Federal Judge Says Trump Travel Ban Can't Keep Out Grandparents And Other Family Members
The executive order cannot be used to "exclude grandparents, grandchildren, brothers-in-law, sisters-in-law, aunts, uncles, nieces, nephews, and cousins of persons in the United States," US District Judge Derrick Watson ruled. Watson also placed additional restrictions on which would-be refugees can be excluded under the order.
The federal judge in Hawaii who initially put President Trump's revised travel and refugee ban on hold on Thursday placed limits on the administration's recent rules enforcing a limited version of that ban.
Significantly, US District Judge Derrick Watson ruled that one of the enforcement rules that drew most protest — that grandparents did not constitute "close family" for purposes of being exempted from the order — is invalid.
Watson modified his injunction in the case to address what family members are sufficient to exempt a person from the executive order, as well as some refugee-specific issues.
The US Supreme Court allowed a portion of Trump's March 6 executive order to go into effect in a June 26 ruling. The Supreme Court ruled that the executive order could not be enforced against those with a "bona fide relationship" with people or entities in the US, but it allowed the 90-day travel ban from six Muslim-majority countries and the 120-day refugee ban to go into effect against those without such connections.
After the Trump administration announced its standards for enforcing the ban under the Supreme Court's ruling on June 29, Hawaii went back to court, arguing that the federal government's interpretation of "bona fide relationship" was too narrow.
Initially, those with a "close familial relationship" — what counted as an exempted "bona fide relationship" with a person — included only "a parent (including parent-in-law), spouse, child, adult son or daughter, son-in-law, daughter-in-law, sibling, whether whole or half."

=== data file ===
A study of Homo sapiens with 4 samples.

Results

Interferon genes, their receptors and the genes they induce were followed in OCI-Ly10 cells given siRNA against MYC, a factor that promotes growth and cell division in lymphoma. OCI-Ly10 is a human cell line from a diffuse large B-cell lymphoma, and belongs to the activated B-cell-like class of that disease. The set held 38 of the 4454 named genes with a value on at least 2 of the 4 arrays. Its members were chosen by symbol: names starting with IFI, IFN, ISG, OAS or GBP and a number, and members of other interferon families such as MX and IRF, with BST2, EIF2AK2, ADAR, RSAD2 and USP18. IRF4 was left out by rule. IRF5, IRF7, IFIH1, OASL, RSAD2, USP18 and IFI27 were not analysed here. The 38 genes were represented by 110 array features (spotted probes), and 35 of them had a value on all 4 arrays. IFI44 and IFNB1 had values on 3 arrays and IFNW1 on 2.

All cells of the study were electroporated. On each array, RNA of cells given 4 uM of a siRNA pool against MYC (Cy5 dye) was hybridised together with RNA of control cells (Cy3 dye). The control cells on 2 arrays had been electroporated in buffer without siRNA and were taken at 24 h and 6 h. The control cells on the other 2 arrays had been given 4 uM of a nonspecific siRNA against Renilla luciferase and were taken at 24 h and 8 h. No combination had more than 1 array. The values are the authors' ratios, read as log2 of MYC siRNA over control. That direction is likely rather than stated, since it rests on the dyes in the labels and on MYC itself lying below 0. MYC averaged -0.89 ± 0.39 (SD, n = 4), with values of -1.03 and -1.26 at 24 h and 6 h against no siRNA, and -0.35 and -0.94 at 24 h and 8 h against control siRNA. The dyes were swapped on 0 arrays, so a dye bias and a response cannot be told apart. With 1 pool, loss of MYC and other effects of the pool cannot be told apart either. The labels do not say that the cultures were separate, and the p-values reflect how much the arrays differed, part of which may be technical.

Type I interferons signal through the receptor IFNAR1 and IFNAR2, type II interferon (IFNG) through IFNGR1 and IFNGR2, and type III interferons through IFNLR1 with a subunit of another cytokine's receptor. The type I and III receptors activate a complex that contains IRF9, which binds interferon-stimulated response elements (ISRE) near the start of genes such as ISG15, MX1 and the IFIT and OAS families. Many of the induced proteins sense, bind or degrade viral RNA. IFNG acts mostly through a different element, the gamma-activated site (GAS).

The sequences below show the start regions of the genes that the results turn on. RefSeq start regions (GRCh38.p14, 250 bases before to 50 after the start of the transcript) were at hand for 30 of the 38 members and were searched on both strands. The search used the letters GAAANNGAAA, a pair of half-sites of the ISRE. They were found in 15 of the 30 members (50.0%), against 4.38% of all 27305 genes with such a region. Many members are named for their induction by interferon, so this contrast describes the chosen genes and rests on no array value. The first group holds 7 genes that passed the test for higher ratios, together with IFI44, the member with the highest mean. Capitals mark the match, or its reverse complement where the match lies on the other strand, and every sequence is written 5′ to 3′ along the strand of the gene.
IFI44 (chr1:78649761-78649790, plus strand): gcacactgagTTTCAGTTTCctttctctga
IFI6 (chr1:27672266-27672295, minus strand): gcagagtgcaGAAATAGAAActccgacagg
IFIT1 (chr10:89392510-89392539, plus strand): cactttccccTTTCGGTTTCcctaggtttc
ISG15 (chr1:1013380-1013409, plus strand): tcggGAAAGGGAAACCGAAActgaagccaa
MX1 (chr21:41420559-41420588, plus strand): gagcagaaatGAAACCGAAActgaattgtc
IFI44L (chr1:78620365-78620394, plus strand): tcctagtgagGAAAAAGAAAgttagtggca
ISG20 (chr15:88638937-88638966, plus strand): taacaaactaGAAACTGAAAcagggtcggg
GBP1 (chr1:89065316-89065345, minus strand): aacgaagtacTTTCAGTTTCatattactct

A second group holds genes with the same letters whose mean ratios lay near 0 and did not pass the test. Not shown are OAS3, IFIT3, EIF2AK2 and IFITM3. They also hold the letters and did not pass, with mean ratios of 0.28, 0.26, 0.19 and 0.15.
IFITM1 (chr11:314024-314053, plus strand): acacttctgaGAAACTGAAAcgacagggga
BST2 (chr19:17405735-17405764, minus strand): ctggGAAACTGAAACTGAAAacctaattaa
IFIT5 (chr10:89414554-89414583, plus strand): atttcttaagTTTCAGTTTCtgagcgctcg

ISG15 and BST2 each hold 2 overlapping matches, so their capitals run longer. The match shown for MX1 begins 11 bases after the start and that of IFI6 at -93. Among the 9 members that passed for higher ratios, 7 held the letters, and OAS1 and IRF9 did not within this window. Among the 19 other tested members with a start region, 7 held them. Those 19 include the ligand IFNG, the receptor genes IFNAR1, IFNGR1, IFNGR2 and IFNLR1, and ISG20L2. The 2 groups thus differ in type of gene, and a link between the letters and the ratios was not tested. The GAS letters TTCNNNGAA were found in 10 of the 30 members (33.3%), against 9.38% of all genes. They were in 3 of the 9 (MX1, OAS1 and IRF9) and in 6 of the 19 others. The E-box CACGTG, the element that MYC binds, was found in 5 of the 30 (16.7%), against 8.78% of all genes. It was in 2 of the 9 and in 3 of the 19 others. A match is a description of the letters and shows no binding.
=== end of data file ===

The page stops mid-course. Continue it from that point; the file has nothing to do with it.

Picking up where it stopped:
During the evening of June 29, the government shifted to include fiancés as well, but it maintained that "grandparents, grandchildren, aunts, uncles, nieces, nephews, cousins, brothers-laws and sisters-in-law, and any other 'extended' family members" in the US did not count.
Although Hawaii was initially rebuffed by the district court and the US Court of Appeals for the 9th Circuit on procedural grounds, Watson, for the most part, sided with Hawaii on Thursday.
Watson disagreed with the Trump administration's interpretation of the Supreme Court's order, writing that the administration's definition of close family was "unduly restrictive" and "the antithesis of common sense."
The federal government cannot use the executive order to "exclude grandparents, grandchildren, brothers-in-law, sisters-in-law, aunts, uncles, nieces, nephews, and cousins of persons in the United States," Watson ruled, siding with Hawaii.
Watson also placed additional restrictions on which potential refugees can be excluded under the order.
Specifically, Watson ruled that a potential refugee's "assurance from a United States refugee resettlement agency" constitutes the sort of "bona fide relationship" that bars enforcement of the executive order against that would-be refugee.
Watson did rule that "a bona fide client relationship with a United States legal services organization" was not clearly exempted under the Supreme Court's order, so he denied Hawaii's request to issue a "categorical exemption" to those would-be refugees who only can show that connection.
Spokespeople from the departments of Justice, State, and Homeland Security did not immediately return requests for comment after the ruling, which came after 11 p.m. Thursday in Washington, DC.
In a prior filing in the case, Justice Department lawyers had asked Watson to put any relief he granted to Hawaii on hold — issuing a stay of the order — until the department either asked the Supreme Court to review the issue (or, if the Supreme Court declined to do so, appealed to the US Court of Appeals for the 9th Circuit) or informed Watson's court that it will not be seeking further review of the issue.
Watson did not put his order on hold, denying the request for a stay — and meaning the new injunction goes into effect immediately.